A remote work expert offers three simple ways to navigate the transition to a hybrid form of work. Now that everyone has experience in each world, it’s time to find the sweet spot and successfully balance a combination of both.
In theory, working from home is a slam dunk. A 10-step commute? Check. Flexibility, a no-brainer wardrobe, observing neighbors’ daily routines with the precision of a life scientist? Check. But now, a year and a half into the whole spontaneous experiment, it’s time for many to face reality again: Returning to the office in a hybrid form—some days in the office and some at home.
“Millions of people are grappling with this and millions more will over the coming weeks,” said Kevin Rizer, remote work authority and author of Always Wear Pants: And 99 Other Tips for Surviving and Thriving While You Work From Home.
Use these tips to ease the transition to a hybrid work situation and make the switch between two worlds easier.
Keep a Routine
Treat your morning routine the same, regardless of whether you’re going into the office or making the 10-step commute to your home office. Get up, take a shower, get dressed, and walk the dog at a certain time. Keep those routines as you switch back and forth between the office and the home office.
“That’s really key and will help reduce some of the friction,” he said. “Because at the end of the day, you’re doing the same work, you’re just doing it in a different place.” The more you can create that structure and that sense of normalcy, the less unsettling those switches back and forth will be.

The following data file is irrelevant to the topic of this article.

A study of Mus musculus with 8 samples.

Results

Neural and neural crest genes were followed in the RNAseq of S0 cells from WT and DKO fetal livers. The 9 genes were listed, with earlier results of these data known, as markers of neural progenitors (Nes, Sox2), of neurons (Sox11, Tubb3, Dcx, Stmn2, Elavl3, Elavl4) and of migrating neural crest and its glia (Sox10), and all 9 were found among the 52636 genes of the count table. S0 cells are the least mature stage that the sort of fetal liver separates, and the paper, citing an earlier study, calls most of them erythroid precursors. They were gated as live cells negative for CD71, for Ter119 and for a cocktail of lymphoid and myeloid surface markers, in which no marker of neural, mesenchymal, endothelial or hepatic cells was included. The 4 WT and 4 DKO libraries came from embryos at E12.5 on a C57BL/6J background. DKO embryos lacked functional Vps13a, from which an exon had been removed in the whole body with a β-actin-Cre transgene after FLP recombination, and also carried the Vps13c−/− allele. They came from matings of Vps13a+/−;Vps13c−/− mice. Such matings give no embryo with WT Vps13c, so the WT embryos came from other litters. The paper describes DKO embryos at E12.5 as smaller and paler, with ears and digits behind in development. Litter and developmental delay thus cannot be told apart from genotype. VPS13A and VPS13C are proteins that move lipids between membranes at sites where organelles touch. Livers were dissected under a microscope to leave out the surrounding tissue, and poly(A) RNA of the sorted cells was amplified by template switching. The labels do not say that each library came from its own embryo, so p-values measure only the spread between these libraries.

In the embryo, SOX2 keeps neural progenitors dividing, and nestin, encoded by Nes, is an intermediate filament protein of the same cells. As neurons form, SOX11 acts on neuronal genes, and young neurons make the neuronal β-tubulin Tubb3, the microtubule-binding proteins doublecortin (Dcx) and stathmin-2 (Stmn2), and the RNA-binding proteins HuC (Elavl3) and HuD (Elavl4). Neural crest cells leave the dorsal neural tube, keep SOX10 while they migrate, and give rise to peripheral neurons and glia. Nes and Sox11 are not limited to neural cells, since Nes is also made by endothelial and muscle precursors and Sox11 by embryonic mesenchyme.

Bring the Best of Home to Work
It’s also a good idea to take some of the comforts you enjoyed while working at home to the office, like noise-canceling headphones to listen to music while crunching data, or re-creating what you did midway through the afternoon to avoid a crash, like taking a quick walk for fresh air.
“Find those things that sustained you through the pandemic while working at home, and bring those into the office,” Rizer said.
Be Your Own Advocate
Getting back into the groove and facing large groups of people again can feel like an out-of-body experience. And going back to the office has that same feeling. “We’ve all been desensitized to being around people the past year and a half,” he said. Add discussions about masks, current events, and vaccinations to the mix, and it gets a little anxiety-inducing.
“You really have to stand up for yourself and be your own best advocate,” Rizer said. “If you don’t want to have that conversation, don’t. Because we all have that one colleague in an office situation that’s a little bit too nosy,” he said. “It takes two people to have a conversation, and you are one of those people.”
Shifting to a hybrid form of work will require a balancing act. It’s also been proven that employees can get the work done and, in many cases, are more productive working remotely. “Work from home is here to stay,” Rizer said. And he predicts it will continue to be a driving force long after the pandemic is over. Remote work is a central part of a hybrid situation, so that means hybrid is likely here to stay, too.
Instead of continuing to debate whether employees should be allowed to work from home, Rizer said organizations should be looking at the situation differently. “Smart companies are asking: How can we better equip those people who want to work remotely,” he said. “And how can we reap some of the benefits of that as an organization?”